Creating the first album is a massive milestone in any artist or group’s career. But once the feat is accomplished, many doors are opened for their career. Tours, bookings, sync placements, and more are all possible once you have released the comprehensive body of work that an album entails.
Releasing an album seems like the golden goose for up-and-coming artists, but few of them know what they are signing up for when they commit to the process.
After releasing their debut album, Brigade learned invaluable lessons about the creative process, the music industry, and themselves, and is here to show you the most important lessons they learned. So after checking out their debut album, let’s dive into the five most important lessons you can only know after releasing your first album.
Stream Brigade’s Debut Album Below
To be honest, if you had told me that this was Brigade’s debut album, I wouldn’t believe you. The eclectic blend of genres, timbres, and inspirations showcases maturity in their craft that is usually only seen in industry veterans.
The genres span twelve tracks, from laid-back hip-hop-inspired beats to dance-friendly tunes. Each track showcases the duo’s sound from a different perspective while all remain markedly unique to their signature tonality.
With a breadth of work as diverse as this album below, it’s no wonder they learned the myriad lessons they’re about to share while putting it all together.
Check Out State Funding
Somewhat awkward to make the first heading about that money thing, but we really wish someone had made us do this earlier.
It turns out Germany has a pretty good support system for musicians called Initiative Musik. This gave us incredible creative freedom to book studio sessions and get everything around the album done the way we wanted to. Big thanks to all of you German taxpayers.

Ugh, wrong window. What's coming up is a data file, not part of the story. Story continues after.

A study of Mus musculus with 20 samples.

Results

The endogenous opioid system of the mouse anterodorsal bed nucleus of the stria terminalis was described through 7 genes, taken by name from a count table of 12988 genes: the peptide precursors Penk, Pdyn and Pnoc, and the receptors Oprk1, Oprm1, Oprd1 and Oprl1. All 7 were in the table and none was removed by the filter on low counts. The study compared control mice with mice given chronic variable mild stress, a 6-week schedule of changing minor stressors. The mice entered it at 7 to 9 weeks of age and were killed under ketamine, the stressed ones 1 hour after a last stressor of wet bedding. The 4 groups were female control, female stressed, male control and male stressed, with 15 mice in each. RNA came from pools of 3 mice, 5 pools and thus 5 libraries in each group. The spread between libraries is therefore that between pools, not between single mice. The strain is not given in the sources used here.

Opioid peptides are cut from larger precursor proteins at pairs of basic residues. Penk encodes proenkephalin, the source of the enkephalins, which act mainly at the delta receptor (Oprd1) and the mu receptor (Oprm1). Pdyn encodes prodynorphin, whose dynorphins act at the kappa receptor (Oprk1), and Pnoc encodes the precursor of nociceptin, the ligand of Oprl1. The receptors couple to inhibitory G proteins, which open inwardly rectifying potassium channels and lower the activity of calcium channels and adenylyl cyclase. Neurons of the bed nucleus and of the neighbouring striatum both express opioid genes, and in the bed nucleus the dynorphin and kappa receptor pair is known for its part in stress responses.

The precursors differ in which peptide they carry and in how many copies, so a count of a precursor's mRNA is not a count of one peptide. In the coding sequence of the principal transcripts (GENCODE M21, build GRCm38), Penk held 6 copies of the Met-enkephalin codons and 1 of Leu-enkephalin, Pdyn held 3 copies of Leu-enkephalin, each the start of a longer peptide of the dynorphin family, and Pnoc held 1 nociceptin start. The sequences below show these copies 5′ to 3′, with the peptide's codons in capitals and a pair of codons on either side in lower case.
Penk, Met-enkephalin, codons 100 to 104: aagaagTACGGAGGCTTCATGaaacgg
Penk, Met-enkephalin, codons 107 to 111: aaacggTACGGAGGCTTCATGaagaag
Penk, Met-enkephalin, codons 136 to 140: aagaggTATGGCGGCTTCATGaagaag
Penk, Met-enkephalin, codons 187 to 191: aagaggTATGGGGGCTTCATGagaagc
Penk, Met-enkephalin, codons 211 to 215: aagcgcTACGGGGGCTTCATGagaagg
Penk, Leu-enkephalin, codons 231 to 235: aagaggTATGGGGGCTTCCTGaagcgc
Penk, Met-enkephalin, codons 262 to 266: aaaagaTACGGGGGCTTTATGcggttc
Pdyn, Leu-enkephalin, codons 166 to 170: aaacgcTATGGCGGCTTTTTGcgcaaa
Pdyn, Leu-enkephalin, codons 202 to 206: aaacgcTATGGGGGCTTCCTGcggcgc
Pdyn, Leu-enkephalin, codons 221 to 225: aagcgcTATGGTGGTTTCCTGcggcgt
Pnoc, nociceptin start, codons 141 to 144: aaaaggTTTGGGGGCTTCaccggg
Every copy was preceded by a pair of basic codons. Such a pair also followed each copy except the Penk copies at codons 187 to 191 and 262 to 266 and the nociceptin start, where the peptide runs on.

Get People Involved And Pay Them
If you’re anything like us, you’re confident in the music making process. (ish… honestly, we still don’t know what we’re doing). It should be your main thing; probably not many people can do what you do in that field.
However, we are terrible at pretty much everything else.
So when it comes to design, photography, video making, writing press releases, budgeting, and mixing, we need to ask other people. Over the years, we have built a pretty good team around us.
In the end, we two make all the final decisions, but we are getting so much help from friends and friends of friends; it’s unbelievable. Having some state funding helps because we can pay people where possible. Still not enough compared to the amount of work, but pretty much all that money went to them.
Stop Building Your Studio
Building your studio is one of the best ways to procrastinate and not make music. We spent so much time building and taking apart studios over the years that, in hindsight, it would’ve been better to work from our bedrooms.
At this point, we’d instead work on headphones than ever build another piece of acoustic treatment. (Also, we’re an embarrassment to the woodworking community. Doing things with our hands, no thank you!) Our studio right now is as good as it gets acoustically, but we know the room and spend much more effort making it a creative, fun space than anything else. It’s not a shiny Beatport top 10s producer studio but an excellent place for experimentation.
Take Time Off And Work In A Studio Away From Your Hometown
Ok, big captain is obvious here: Living in a big city like Berlin can be super distracting. It’s good to get out to get things done.
Once we had most of the primary songwriting process done, we rented a small studio in this town called Eberswalde for one week to finish the album. At first, we were kind of scared it would turn into a “The Shining” type situation but turning off our phones and being away from our average daily distractions helped us to give the album the final touches.
It was a nice, productive holiday. 10/10, would do it again.
Make A Plan And Then Work Step By Step
Once we realized the demos might become a more significant project, we started plotting out all sorts of things like song statuses and time plans on slightly chaotic excel spreadsheets.
Not very fantastic, but we would’ve been lost otherwise. Doing an album is a lot of work, and you can get lost in the process from time to time. It’s so simple but helpful to have an overview like “song A still needs drums” or “contact music video person x by date y.”
Lists like that gave us a good direction and schedule for just taking things as they came up instead of always trying to race to the finish line.